In his brief Twitter comeback tour, Fuentes spouted late-night obscenities and conspiratorial, antisemitic musings.

Nick Fuentes, center right in sunglasses, greets supporters before speaking at a pro-Trump march, Nov. 14, 2020, in Washington. Former President Donald Trump had dinner Nov. 22, 2022, at his Mar-a-Lago club with the rapper formerly known as Kanye West, who is now known as Ye, as well as Fuentes, who has used his online platform to spew antisemitic and white supremacist rhetoric.(AP Photo/Jacquelyn Martin, File)

(RNS) — As midnight Eastern time approached on Tuesday (Jan. 24), far-right political operative Nick Fuentes shouted into his virtual megaphone — returned just hours earlier by Elon Musk’s Twitter — “I’m back! … ready for WAR!”

Twitter first banned Fuentes, a Holocaust denier and neo-Nazi, in 2021 for “repeated violations.” In October 2022, Fuentes opened a new account but was quickly banned. His reinstatement Tuesday morning came amid Twitter’s attempts to bring back users who had been banned before billionaire Musk’s Oct. 27 takeover, in an effort to reform what the new CEO and owner has described as inconsistent policies on hate speech. By Wednesday morning, Fuentes’ account was again suspended.

In his brief Twitter comeback tour, Fuentes reveled in his new freedom by spouting late-night obscenities and conspiratorial, antisemitic musings into Twitter Spaces, an audio feature of the social media platform.

“Jews run the news. … Jews run the media. Back on Twitter, let’s f—ing go,” Fuentes said, mocking critics, including Ben Shapiro, the Jewish founding editor of the conservative media company The Daily Wire.

For about 20 minutes, more than 3,000 listeners tuned in to the 24-year-old’s rambling speech. Fuentes railed against Jews and “Israel first” policies, saying, “Israel did 9/11, and we love Hitler.”

He also called for more Christians to become world leaders and said he’s “ride or die” for Ye, formerly known as Kanye West, who in recent years has doubled down on branding himself as a Christian. Fuentes now consults for Ye’s 2024 presidential campaign, having shifted his loyalty away from former President Donald Trump.

“I’m not just another grifter,” Fuentes said, explaining that he’s loved Ye since he was a kid and will not bail on him after the rapper’s recent spew of antisemitic remarks, “like the other grifters” who condemned Ye. The musician’s talent agency dropped him, as did Adidas, Gap, Balenciaga, JPMorgan Chase and others.

A few days into Ye’s announcement that he planned to run for president, Ye and Fuentes dined with Trump at his Mar-a-Lago club. Trump claimed he knew nothing about Fuentes before meeting him and did not denounce either man’s past hate speech.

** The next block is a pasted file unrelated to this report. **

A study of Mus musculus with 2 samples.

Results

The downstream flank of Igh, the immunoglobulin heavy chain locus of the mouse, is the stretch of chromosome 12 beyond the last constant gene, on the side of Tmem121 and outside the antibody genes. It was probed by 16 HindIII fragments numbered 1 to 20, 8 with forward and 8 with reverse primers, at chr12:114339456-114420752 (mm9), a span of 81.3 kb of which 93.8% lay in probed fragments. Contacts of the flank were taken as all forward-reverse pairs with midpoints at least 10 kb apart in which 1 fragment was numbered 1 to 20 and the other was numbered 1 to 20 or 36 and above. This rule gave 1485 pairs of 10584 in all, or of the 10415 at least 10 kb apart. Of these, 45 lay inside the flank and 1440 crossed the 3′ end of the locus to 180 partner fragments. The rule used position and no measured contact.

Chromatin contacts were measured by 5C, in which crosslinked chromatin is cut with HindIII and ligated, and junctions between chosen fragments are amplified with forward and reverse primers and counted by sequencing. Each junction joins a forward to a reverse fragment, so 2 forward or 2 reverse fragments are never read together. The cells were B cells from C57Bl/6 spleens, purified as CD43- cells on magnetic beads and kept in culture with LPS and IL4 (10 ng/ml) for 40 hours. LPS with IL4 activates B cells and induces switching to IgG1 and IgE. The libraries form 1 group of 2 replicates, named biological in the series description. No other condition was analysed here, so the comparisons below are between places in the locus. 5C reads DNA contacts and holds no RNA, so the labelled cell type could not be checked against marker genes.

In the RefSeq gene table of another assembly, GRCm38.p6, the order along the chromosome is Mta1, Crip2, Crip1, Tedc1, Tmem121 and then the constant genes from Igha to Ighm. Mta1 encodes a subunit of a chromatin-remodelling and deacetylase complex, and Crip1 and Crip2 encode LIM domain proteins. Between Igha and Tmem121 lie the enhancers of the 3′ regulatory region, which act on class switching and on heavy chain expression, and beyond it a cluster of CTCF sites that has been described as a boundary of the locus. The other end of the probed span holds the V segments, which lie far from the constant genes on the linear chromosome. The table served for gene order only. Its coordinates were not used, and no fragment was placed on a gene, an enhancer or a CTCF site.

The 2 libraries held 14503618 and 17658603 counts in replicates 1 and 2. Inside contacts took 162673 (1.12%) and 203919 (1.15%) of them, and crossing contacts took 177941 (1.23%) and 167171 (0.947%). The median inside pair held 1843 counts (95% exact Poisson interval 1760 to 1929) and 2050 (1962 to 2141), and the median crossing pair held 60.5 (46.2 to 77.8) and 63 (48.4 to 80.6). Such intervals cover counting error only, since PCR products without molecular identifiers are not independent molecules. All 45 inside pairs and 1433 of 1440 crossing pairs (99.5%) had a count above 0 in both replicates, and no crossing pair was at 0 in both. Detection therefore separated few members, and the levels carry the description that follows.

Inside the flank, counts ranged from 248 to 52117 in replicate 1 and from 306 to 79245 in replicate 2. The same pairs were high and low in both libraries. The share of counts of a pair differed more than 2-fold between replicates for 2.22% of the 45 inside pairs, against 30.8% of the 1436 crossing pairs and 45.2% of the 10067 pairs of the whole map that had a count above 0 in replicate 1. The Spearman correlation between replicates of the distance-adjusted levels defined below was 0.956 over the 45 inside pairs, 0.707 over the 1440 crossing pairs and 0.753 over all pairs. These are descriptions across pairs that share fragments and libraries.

In December, Fuentes sat next to Ye when Ye said he sees “good things about Hitler” on the Alex Jones show “Infowars,” and “I love Jewish people, but I also love Nazis.” Jones raised his eyebrows and looked at Fuentes, who showed support for Ye.

“Ye loves Hitler, and I love Hitler too!” Fuentes said during his Twitter broadcast.

Fuentes also described how, even though he had hoped for years for podcaster and YouTuber Tim Pool to invite him onto his show, when Ye walked off the show on Nov. 29, Fuentes followed. “I’m loyal to Ye,” he said. “I work for him now.”

Nick Fuentes in a still from his America First livestream. Video screen grab

Nick Fuentes in a still from his “America First” livestream. Video screen grab

Fuentes, who identifies as a Catholic of partial Mexican descent, began building an online following after attending the deadly 2017 Unite the Right white supremacist rally in Charlottesville, Virginia. As a college freshman that year he began hosting a regular livestream show, often using jokes to provide plausible deniability for his extreme views. YouTube banned Fuentes in 2020, but he continues to broadcast to his fans on Cozy.tv and Telegram.

Today, Fuentes’ America First movement has grown into an alt-right political platform at odds with mainstream conservatives — including in its call for a 10-year ban on all immigration except for immediate family members of U.S. citizens and a requirement for immigrants to speak English.

Fuentes called the Capitol riot on Jan. 6, 2021, “f—ing awesome” and spoke at rallies leading up to the invasion, encouraging supporters to storm the Capitol and earning himself a subpoena from Congress. Fuentes has also cheered on Russian President Vladimir Putin for dropping bombs on Ukraine.

Before his account was suspended Wednesday, Fuentes tweeted a chart titled “Who Controls Your Mind? 2023” that listed dozens of media corporations, including Universal Pictures, Disney, The Associated Press, ABC, CNN, The New York Times, Google, Reuters, The Atlantic and more, highlighting in red boxes the names of executive leadership who are Jews.

Fuentes’ fans, called Groypers, tweeted for Fuentes to be reinstated, using the hashtag #FreeNickFuentes and often tagging Musk.

“This is not a TOS [Terms of Service] violation, he was illegitimately mass reported by extremists,” the user “ye crusade” tweeted.

Twitter had not commented on Fuentes’ suspension at the time of this report.

“Well it was fun while it lasted,” Fuentes shared to his Telegram channel on Wednesday.

(This story was produced with support from The Stiefel Freethought Foundation.)